The BYU University API committee has been looking for a good project to jumpstart our efforts in personal APIs. The BYU Domains project is not only providing the means to host the personal API, but the initial project as well.
As part of my abstract for a talk at APIStrat 2016, I wrote that BYU was interested in equipping students with personal APIs in an effort to teach them digital autonomy and make them more responsible for their learning.
Unlike others who attempted personal APIs, we're lucky in that we control both sides of the transaction. That is, we have control of the university systems and we have students who will generally use the tools we build for them. So rather than build a conventional tool to, say, create a directory, we can build one that uses the student's personal API. The university systems still work and students get a new tool that they learn to use. This is meaningful because students have a significant number and variety of interactions with the university, making it a great place to explore how architectures based on personal APIs can be designed and used.
The BYU Domains project provides a free domain name, with hosting, for every matriculated student and all faculty and staff. BYU Domains gives students an online space of their own to teach them that they can be contributors to online conversations and introduce them to the concept of self-sovereign identity. BYU Domains is a Cpanel-based hosting system. Consequently students can install numerous applications and give each a unique URL through subdomains, paths, or both. This makes a BYU Domain site a great place to host a personal API.
The BYU Domains project is creating a community directory. The purpose of the directory is to highlight uses of BYU Domains to showcase how different members of the campus community are using them. Here's University of Mary Washington's directory as an example.
The traditional way to build this would be to write some software that looks in the BYU Domains administrative database and uses the information store there to create a directory. Here's a simple diagram illustrating that approach:
In this architecture the directory is tightly coupled to the specific system used to implement BYU domains. The application is dependent on the schema in the database. Any changes to the underlying system would necessitate that the directory application be updated as well.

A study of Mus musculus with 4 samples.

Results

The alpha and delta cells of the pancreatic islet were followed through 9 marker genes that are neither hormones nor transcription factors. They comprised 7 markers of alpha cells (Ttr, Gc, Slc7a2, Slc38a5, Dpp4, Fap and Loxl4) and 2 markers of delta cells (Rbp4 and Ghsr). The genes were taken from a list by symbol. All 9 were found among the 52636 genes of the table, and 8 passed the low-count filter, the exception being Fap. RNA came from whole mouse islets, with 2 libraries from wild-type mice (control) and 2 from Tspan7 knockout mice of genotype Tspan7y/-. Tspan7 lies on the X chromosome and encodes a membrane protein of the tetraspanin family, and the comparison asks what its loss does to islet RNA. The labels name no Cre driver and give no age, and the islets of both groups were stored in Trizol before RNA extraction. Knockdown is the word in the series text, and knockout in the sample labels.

An alternative that avoids this problem is to architect the directory application as an aggregator of information from the personal APIs of any domains that want to participate in the directory. The following diagram illustrates that architecture.
In this architecture, the directory uses information from the various APIs of domains that participate. The directory application has a database for information in its domain as well as for caching information from the various APIs. We're unlikely to render a page for the directory by synchronously calling dozens of individual APIs. This design gives the directory application the traditional advantages of API-based architectures:
First, the API represents a contract upon which the directory system can depend. The contract insulates the directory from underlying implementation changes in the personal domain.
Second, the directory has access to the APIs because their owners have authorized the connection using OAuth. Domain owners can take themselves out of the directory at any point by visiting the Authorizations control panel in their domain. This eliminates the need for data sharing agreements and other information governance hurdles.
Third, domains that aren't part of the BYU Domains administrative system can still be part of the directory. For example, a faculty domain hosted by her department could just as easily be featured in the directory as one hosted by BYU Domains.
BYU's University API Committee is currently exploring how to make this work. We've had some good discussions on creating personal APIs that are built incrementally as data is needed, and done flexibly using JSON-LD markup to communicate schema information. I'm excited by the possibilities. We're also exploring API management that can run on the individual domains.
The BYU Domains Community Directory project gives us a good excuse to design and build a basic personal API application for BYU Domains. Follow-on projects, like a xAPI-responsive learning record store (LRS), will take advantage of this foundation to add portfolio data to the student's personal API. University systems can be tuned to use the profile and LRS information while leaving it all firmly in the hands of its owner.